It’s well understood that moving is a stressful event in anyone’s life. In fact, relocation is rated as the 28th most impactful stressor you can experience, based on the Holmes-Rahe Life Stress Inventory. Tack on the pressures that come with starting a new job, and thing can start to feel insurmountable. We want to assure you that while it’s normal to feel that way, there are lots of ways to reduce the stress that surrounds relocating for a new job. You may feel the need to relocate for a bunch of reasons – especially in 2020. It’s clear that we’re at the start of an economic downturn, and reducing your cost of living is one sure-fire way to stave off financial stress. Plus, a new town may have more to offer across the board – more room, more green spaces, and more opportunities!

Rather than worry that things may not go your way, take the initiative to make headway in your move by using these helpful tips on a stress-free relocation for a new job.

Check Real Estate Websites Daily

Get yourself excited about the move by checking on new houses for sale daily. While the move may seem daunting, buying a home or renting an apartment that you love will surely ease some of the difficulty. It may be essential to move on time for the new job before it begins, but don’t rush into buying or renting a residence without being completely sure. Luckily, new listings are posted almost every day, so staying vigilant in your search will help in the long run with your relocation efforts.

You should always try to get familiar with the place you’d like to live before making a big commitment like buying a home. Exploring month-to-month leasing options can help you find your favorite part of town and where you’d truly like to settle.

Moving to an area where you don’t know much about the community is ill-advised. You may have your heart set on a certain place, but neglecting to do the proper research to understand the area can leave you with some serious buyer’s remorse. Make sure look into the neighborhoods closely and hop on community social media pages to get a better idea of what you’re getting yourself into. Some key things to think about include the school districts, the crime rate, the area’s walkability score, and the city or town’s community engagement efforts.

Keep Remote Work In Mind

Today more than ever, many companies are realizing the value that remote work can bring to their workforce. If your new job allows you to work remotely, you may not even have to deal with the hassle of relocation at all! But if you’re looking for a change and moving has always been your plan, there’s much more flexibility as an employee to be located where you want to live without compromising for your new job. With strong WiFi, no place is off-limits! You can either search solely for remote jobs, or communicate your thoughts with your current company to see what options might be available to you.  Then, make the best decision for yourself or for your family.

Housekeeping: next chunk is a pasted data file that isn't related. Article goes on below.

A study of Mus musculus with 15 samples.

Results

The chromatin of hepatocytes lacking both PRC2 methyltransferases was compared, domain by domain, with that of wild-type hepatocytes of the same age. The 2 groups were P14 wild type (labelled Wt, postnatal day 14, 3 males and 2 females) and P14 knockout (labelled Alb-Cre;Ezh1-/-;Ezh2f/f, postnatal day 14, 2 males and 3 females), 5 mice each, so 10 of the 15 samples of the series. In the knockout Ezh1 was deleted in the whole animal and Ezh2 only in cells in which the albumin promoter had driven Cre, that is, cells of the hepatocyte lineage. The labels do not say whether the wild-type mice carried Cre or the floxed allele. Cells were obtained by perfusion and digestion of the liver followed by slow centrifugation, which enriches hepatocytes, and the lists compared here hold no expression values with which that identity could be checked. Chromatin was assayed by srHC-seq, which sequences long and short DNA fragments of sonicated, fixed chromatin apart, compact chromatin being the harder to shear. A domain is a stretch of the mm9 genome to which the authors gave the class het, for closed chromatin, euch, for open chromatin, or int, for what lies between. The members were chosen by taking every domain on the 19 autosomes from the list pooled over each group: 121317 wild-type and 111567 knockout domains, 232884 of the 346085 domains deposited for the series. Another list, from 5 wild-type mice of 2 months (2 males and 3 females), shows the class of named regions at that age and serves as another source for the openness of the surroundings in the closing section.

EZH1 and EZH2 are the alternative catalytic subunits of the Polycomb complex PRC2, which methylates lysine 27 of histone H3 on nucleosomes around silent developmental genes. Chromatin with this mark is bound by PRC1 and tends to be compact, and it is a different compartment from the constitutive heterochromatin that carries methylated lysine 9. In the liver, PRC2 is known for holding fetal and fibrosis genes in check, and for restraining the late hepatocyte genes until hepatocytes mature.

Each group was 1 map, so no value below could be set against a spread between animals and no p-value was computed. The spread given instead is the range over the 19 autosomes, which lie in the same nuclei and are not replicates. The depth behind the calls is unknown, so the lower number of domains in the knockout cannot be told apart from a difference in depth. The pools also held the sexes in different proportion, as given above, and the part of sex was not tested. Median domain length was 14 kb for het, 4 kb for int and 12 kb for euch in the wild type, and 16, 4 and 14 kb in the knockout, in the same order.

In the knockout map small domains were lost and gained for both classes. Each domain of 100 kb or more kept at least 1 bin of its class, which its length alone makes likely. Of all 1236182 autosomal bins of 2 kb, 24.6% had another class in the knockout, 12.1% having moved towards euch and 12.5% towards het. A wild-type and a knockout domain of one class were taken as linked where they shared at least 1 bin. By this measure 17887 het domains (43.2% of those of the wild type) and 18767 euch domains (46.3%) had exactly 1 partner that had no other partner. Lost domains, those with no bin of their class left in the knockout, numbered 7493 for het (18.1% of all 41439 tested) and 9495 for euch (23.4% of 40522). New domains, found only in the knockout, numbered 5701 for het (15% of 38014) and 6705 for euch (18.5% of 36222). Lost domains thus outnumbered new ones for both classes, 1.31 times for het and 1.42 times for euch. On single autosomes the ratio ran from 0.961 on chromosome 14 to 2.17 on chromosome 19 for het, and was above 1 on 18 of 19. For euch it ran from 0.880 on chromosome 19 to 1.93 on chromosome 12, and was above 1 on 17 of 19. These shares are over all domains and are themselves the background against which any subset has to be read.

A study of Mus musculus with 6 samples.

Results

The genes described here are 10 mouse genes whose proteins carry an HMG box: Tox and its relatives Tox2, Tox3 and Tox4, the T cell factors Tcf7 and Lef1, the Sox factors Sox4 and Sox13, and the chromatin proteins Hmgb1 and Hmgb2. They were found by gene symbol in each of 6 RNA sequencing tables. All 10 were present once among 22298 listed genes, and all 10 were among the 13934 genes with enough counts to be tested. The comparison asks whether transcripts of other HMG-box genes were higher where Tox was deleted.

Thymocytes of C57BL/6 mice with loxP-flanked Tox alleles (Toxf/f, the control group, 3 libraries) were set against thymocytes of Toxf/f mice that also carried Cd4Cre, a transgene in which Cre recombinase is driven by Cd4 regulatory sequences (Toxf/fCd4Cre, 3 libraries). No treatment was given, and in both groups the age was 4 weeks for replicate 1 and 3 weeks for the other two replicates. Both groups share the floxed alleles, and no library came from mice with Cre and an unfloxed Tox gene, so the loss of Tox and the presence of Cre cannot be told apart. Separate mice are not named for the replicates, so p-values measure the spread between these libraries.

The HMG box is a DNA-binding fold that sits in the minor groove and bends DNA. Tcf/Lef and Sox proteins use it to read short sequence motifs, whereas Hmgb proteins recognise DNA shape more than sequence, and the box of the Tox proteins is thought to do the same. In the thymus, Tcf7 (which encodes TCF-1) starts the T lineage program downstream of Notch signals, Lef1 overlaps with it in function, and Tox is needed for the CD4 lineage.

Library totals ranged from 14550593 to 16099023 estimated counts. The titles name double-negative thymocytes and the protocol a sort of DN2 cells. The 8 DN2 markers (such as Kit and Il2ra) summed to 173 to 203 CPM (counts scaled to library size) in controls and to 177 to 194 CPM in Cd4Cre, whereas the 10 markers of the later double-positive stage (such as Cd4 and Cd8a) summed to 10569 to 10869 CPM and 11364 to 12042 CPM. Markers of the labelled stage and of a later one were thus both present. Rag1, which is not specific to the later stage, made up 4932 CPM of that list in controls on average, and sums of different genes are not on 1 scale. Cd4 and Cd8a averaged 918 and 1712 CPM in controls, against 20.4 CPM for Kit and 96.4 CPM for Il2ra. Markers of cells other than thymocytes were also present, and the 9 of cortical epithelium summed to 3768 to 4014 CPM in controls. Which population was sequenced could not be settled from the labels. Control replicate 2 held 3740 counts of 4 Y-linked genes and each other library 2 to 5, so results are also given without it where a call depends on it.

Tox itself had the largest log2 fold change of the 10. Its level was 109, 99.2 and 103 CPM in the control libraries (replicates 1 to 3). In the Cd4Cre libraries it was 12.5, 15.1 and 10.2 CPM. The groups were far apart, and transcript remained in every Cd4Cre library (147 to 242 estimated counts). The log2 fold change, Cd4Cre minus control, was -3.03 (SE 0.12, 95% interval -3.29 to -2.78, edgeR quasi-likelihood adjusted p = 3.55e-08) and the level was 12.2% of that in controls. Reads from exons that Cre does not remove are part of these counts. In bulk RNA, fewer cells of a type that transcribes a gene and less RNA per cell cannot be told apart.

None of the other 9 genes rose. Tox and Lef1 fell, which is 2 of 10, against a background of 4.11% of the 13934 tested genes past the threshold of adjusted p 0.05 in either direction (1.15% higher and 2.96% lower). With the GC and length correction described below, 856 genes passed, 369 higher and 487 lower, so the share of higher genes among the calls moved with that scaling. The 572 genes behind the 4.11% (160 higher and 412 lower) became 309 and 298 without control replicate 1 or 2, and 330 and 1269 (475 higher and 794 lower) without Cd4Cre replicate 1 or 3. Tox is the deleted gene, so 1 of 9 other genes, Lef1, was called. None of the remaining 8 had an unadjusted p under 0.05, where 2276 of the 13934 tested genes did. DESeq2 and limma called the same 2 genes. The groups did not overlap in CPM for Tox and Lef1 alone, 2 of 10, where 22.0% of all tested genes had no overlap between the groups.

Remote work allows you to move just about anywhere you can imagine, maximizing your ability to find your dream digs in your price range.

Make a Plan

Moving is a major ordeal. There’s a lot to coordinate, especially if you’re moving more than just yourself. Determine when you’d like to move by, then build a timeline to figure out what steps you’ll need to take to achieve it. And be specific! Figure out if you’ll be able to cram all your earthly possessions into the back of a U-Haul by yourself, or if you should consider getting professionals involved.

The packing, loading, unloading, and unpacking of everything you own is one of the major stressors associated with moving. First of all, it’s a lot of work. And it always takes longer than you think it will. Hiring professional movers to load & unload your belongings may be a worthy investment if the task seems too daunting to take on alone.

Know Your Options

Relocating comes with a lot of stipulations. Should you rent or should you buy? What type of community would you like to live in — city or suburb? How are you going to pay for everything? Questions abound leading up to and during a big move.

After better examining an area with research, you should have some clarity as to how everything will line up. However, knowing your options when it comes to home buying or renting can save you a lot of cash. If you’re interested in renting, look at housing hubs like Facebook or Craigslist for up-to-date information on what’s currently being offered in terms of apartments. If you’re looking to buy a house, get in touch with a mortgage lender to see which loans would work best for you and your unique financial situation. By comparing these two options, you can prevent plenty of headaches for your future self.

Consider A Hometown Job Hunt

You may have your heart set on a certain location, but it’s important to keep a level head and understand that now might not be the right time. Especially with the current state of the economy, it may not be in your best interest to move across the state or even the country.

For the time being, consider a hometown job hunt instead of relocation. When the economy is in a downturn and the state of employment looks bleak, trying to find something close to home may reduce stress and provide opportunities for you to get ready for a big move down the road, rather than jumping in before you’re truly ready. While this may be the last thing you want to hear, conditions could drastically change in the next year or so.

So you’re looking to make a big move, set yourself up for as smooth a transition as possible. Moving is never easy – but you can work to mitigate some of the negative effects moving stress can have on your health, finances, or job performance by taking these tips to heart.